What Happens at a Unitarian Universalist Service
Unitarian Universalist congregations draw from a variety of religious and spiritual sources. This is reflected in the worship you’ll experience in a congregation. Services often include readings and texts from world religions and from ancient and modern poetry and literature. The congregation may sing, share, and listen to music, whether classical, folk, or modern. There is no one source of inspiration or teachings.
Most services begin with the lighting of a chalice. The flame within a cup or bowl symbolizes our quest for illumination and transformation. Children usually stay with their families for the first part of the service, and later leave to participate in their own age-appropriate programs. Frequently the service includes a time for meditation, offering participants the chance to sit quietly and reflect. Most services also have a time where those present can share personal joys and sorrows, sometimes by speaking them aloud if they wish, and sometimes in other ways. This is one way we build a supportive community.
Because each congregation is self-funded and self-governing, offerings are taken in the service. The collected funds, unless announced otherwise, support the local congregation in its work.
Ours are rarely “Sunday best” communities; people dress in clothes that make them comfortable. You’ll probably find that jackets and jeans, sandals and sundresses, ties and t-shirts are all evident. As well as our regular worship opportunities, other programs and events invite community members and friends to deepen in their spiritual practices and faith development. Of course, we affirm that different people do this differently, so the choices can be quite varied. Yoga, meditation, music, justice work, and book groups are common, and many others might be offered.
We affirm the individual’s path to meaning, but we come together to celebrate life and our common humanity. The root of the word “worship” means “humor” or “worth”; Unitarian Universalist worship services give participants an opportunity to reflect on what is worthy, and to do so in a supportive community.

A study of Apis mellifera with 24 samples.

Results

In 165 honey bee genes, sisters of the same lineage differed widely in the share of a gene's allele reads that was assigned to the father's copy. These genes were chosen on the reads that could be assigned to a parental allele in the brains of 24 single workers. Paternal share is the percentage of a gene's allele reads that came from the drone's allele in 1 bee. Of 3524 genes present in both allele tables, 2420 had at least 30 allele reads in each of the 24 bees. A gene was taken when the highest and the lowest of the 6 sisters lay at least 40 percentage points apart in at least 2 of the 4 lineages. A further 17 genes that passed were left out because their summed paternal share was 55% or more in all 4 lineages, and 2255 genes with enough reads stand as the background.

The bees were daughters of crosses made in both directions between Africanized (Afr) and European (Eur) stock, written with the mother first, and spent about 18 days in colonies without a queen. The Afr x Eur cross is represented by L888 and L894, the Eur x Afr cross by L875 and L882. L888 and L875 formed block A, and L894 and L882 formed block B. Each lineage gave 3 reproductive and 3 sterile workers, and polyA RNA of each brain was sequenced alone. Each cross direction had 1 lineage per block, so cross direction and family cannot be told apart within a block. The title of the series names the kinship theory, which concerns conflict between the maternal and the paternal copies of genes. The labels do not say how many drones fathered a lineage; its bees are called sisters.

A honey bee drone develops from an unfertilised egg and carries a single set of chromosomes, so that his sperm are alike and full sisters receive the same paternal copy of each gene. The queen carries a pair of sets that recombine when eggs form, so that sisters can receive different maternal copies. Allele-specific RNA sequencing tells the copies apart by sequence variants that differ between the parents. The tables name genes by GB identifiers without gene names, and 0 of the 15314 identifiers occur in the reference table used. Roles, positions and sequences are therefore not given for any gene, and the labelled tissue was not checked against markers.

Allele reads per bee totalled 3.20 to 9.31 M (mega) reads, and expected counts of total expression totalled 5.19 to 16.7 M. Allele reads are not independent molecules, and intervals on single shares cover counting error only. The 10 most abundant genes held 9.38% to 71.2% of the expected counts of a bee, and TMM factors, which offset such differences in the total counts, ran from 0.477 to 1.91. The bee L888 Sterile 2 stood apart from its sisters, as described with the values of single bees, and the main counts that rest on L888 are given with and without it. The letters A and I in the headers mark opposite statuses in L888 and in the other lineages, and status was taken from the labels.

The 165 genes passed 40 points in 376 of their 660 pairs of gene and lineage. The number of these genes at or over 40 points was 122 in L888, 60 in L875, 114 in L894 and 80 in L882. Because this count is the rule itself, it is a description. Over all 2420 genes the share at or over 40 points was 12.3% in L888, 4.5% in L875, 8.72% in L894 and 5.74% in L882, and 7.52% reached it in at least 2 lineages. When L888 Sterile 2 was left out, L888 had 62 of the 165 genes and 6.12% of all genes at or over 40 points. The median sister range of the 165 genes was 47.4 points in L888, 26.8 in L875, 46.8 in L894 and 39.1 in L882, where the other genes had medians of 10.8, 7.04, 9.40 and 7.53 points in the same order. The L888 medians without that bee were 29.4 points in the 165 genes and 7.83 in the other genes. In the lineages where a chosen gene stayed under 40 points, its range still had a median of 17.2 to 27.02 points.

Many Unitarian Universalist communities celebrate several special ceremonies in the course of the year. Some common ones are
- Water ceremony. Held in early September, at the start of the new church year, this ceremony celebrates the community’s coming together again.
- Remembrance ceremony. This ceremony often finds ways to honour valour and personal sacrifice without glorifying war.
- Winter solstice. As winter arrives, people frequently pause, light candles to illuminate the dark days, and gather with music and reflective community.
- Christmas Eve. The Unitarian and Universalist traditions came out of Christianity, and many Unitarian Universalist congregations mark Christmas Eve by celebrating the timeless themes of hope and possibility.
- Fire ceremony. The start of a new year is frequently seen as a time of new beginnings, and this ceremony invites participants to let go of whatever they do not wish to bring into the coming year.
- Spring equinox. After a long, cold Canadian winter, most congregations celebrate new birth and the reemergence of life, sometimes also recognizing the Easter holiday.
- Flower ceremony. Since the 1920s, Unitarians and Unitarian Universalists have celebrated diversity and community by inviting people to bring, share, and exchange flowers.